A robotic newspaper-storage locker, an electronic fork, and shoes that track your dance moves
This image shows the massive scale of the soon-to-be-completed Newspaper Storage Building at Boston Spa, in West Yorkshire, England. The building will serve as the central repository for the British Library’s collection, which includes more than 300 years of print newspapers. The 64- by 24- by 24-meter space will be outfitted with robotic shelving, so no human will ever have to go inside. To keep the newsprint from degrading or catching fire, there will be close monitoring of temperature, humidity, light, and oxygen levels.
Photo: Anna Gowthorpe/Press Association/AP Photo
Hapilabs’ Hapifork helps to change the habits of people who eat too rapidly. This is important, clinicians say, because eating slowly helps prevent indigestion and overeating. The Hapifork tracks how long it takes to finish a meal, the intervals between forkfuls, and how many forkfuls you take per minute. An LED on the fork lights up and the utensil vibrates if you don’t allow at least 10 seconds between forkfuls. The fork, which will be available this spring for US $99, comes with a smartphone app for checking your progress and a coaching program.
Now you can play the immensely popular video game series Dance Dance Revolution anywhere. A group of graduate students at National Cheng Kung University, in Taiwan, have created an electronic add-on that turns any shoe into a “smart shoe” capable of sensing movement so there’s no need for an electronic dance floor. It works with an app on either a smartphone or tablet computer to monitor and display dance moves as well as the number of calories burned.
Photo: Pichi Chuang/Reuters
Quick—what country is the world’s leading wind and hydropower energy producer? Bet you didn’t guess China. The photo shows the country’s most well-known renewable energy project, the Three Gorges Dam. Electricity is generated as water from the Yangtze River rushes through the dam, the world’s largest capacity hydroelectric plant, at Yichang, in Hubei province.
Photo: Imaginechina/AP Photo
Thirteen-year-old Gregory Hoffman, who received an iPhone as a Christmas gift, holds the contract his mother drew up that governs his use of the smartphone. The contract’s 18 points demand that he share passwords with a parent, answer his or her calls, avoid hurtful texts, and pay to replace the phone if it’s lost or damaged. The agreement predicts: “You will mess up. I will take away your phone. We will sit down and talk about it. We will start over again.”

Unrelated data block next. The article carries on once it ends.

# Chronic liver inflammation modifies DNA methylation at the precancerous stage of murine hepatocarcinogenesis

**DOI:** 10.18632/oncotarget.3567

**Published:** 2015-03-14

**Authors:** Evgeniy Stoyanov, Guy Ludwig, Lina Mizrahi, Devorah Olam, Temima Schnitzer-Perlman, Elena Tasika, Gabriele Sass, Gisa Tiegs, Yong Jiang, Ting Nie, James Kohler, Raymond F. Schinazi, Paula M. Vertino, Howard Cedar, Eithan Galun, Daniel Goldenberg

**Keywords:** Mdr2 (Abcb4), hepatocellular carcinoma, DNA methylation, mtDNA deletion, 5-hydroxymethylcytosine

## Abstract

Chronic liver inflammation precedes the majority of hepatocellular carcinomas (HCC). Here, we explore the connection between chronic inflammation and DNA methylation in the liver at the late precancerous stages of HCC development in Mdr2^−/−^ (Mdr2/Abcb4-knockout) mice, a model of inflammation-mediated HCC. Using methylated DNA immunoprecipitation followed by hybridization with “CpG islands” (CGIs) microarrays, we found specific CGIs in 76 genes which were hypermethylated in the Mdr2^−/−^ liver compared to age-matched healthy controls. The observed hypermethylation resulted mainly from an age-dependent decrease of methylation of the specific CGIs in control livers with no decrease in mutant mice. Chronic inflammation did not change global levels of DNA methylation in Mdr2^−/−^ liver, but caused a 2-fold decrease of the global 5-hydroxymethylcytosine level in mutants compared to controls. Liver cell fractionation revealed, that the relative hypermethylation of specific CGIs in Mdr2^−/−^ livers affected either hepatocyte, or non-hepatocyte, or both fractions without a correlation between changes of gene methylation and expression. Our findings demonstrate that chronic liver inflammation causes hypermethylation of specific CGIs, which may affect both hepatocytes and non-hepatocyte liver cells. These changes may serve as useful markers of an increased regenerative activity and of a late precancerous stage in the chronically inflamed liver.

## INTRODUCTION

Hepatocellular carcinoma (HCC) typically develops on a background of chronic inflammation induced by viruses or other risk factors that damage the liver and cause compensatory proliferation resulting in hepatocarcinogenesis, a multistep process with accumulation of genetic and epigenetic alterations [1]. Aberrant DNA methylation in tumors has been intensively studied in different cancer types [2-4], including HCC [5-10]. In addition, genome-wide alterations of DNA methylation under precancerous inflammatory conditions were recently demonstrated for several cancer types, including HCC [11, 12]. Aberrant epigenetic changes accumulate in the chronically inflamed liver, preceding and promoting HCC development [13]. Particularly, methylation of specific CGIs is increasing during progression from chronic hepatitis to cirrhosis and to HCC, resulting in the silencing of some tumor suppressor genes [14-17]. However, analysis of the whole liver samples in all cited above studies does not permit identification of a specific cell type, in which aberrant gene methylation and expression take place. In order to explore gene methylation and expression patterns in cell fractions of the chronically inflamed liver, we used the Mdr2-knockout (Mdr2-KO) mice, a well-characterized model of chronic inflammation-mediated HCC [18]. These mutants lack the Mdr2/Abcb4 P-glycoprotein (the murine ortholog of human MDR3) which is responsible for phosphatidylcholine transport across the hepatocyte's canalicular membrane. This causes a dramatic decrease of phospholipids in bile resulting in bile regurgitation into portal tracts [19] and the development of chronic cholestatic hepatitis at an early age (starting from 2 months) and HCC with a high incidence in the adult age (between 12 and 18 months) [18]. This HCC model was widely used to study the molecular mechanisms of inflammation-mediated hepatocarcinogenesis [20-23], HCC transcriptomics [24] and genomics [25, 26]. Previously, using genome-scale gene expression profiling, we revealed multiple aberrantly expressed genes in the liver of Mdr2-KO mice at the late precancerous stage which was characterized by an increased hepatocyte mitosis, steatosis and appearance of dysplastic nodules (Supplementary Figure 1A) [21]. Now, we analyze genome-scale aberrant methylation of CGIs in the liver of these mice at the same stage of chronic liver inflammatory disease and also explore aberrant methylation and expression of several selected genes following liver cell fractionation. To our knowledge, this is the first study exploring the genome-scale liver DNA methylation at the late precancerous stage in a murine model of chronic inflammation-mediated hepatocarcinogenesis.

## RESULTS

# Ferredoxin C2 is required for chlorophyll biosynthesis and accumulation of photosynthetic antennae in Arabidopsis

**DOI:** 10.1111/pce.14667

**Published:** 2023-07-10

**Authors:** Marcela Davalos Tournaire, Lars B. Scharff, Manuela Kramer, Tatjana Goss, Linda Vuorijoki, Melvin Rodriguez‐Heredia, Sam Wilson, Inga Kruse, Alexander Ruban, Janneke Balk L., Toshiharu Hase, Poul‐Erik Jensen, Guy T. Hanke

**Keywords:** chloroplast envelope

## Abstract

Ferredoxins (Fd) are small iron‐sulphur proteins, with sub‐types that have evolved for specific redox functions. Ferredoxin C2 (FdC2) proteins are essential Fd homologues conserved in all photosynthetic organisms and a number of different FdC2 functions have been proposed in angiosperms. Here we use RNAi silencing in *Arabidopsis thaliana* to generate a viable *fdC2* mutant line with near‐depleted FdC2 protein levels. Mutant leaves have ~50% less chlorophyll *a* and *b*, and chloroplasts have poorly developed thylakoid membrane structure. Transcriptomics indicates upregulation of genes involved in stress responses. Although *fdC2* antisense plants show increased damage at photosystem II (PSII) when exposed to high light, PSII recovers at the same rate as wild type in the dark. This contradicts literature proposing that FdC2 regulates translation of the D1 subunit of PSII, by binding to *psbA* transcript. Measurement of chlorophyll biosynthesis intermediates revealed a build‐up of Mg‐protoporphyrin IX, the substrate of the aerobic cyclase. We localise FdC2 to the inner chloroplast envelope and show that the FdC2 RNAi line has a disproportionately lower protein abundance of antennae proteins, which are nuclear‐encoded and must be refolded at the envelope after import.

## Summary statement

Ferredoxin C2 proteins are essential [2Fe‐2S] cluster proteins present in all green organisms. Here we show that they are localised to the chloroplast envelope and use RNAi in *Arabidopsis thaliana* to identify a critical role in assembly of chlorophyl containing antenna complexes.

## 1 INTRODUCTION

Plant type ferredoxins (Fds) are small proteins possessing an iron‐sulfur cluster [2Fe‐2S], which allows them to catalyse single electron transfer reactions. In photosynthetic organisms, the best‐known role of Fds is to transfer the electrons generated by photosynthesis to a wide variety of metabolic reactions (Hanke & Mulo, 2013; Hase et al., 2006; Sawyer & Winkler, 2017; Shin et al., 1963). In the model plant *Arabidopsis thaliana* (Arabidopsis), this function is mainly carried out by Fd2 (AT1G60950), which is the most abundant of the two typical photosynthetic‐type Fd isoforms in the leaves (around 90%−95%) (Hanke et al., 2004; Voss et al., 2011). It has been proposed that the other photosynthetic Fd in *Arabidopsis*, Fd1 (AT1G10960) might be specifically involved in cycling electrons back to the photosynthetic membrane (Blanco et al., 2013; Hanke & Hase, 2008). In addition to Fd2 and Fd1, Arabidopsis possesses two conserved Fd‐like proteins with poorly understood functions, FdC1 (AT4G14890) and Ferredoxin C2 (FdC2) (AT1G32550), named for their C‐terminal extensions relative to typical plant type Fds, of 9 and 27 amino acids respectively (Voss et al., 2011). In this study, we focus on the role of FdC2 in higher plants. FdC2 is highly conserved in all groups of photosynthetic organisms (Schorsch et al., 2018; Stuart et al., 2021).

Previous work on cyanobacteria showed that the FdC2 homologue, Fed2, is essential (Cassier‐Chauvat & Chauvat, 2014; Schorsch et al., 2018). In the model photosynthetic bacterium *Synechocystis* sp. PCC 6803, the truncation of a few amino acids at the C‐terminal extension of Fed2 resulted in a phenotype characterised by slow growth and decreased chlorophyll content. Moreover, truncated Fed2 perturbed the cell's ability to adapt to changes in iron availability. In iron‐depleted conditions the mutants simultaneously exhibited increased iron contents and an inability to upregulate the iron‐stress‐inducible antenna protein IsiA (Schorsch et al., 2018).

Photo: Michael Dwyer/AP Photo
Yan Ching-hong, a quadriplegic patient, is shown browsing the Internet using a pacifier-shaped switch invented by Luo Ching-hsing, a professor at National Cheng Kung University, in Taiwan. The switch, which connects to the computer via a USB port, uses Morse code to translate long and short presses into keyboard commands. Ching-hong has become so adept that he can type out messages to his Facebook friends at a speed of 50 words per minute.
Photo: Pichi Chuang/Reuters
In the wake of the 14 December shooting at Sandy Hook Elementary School in Newtown, Conn., Miguel Caballero, the Colombian company known for making bulletproof clothing for heads of state, unveiled a children’s line that includes a protective vest and backpack. Here, a worker at the company uses software to design the bulletproof togs.
Photo: John Vizcaino/Reuters
On 20 December, when this train made its first trip along a brand new, 20.2-kilometer section of the Chongqing rail line, which links Shapingba and Daxuecheng, it became the first in China to conserve energy with regenerative braking. Light-rail trains on this line are also the first Chinese metro trains to tip the scales at less than 35 metric tons.
Photo: Liu Chan/Xinhua/Landov
This pod is a module of the Orion Multi-Purpose Crew Vehicle, scheduled for test launch aboard a Delta IV Heavy rocket in 2014. Technicians at NASA’s Kennedy Space Center, in Florida, prepare it for the addition of a component that will enable more precise prelaunch checks of the spacecraft’s systems.
This pair of room-cleaning robots at Johns Hopkins Hospital, in Baltimore, doesn’t dust or mop. One robot saturates the air inside the room with a highly concentrated version of hydrogen peroxide. Once the chemical—which is toxic to humans—has done its job, the other robot releases a catalyst that turns it into water. The process dramatically decreases the likelihood of a patient having to battle drug-resistant bacteria while in the hospital.
Photo: Algerina Perna/Baltimore Sun/Getty Images
Powering this government office building in Huzhou, China, with green energy was not a token gesture. Nearly 1650 photovoltaic panels, covering an area of more than 5000 square meters, have been installed on its roof. The solar panels generate an estimated 320 000 kilowatt-hours of energy each year.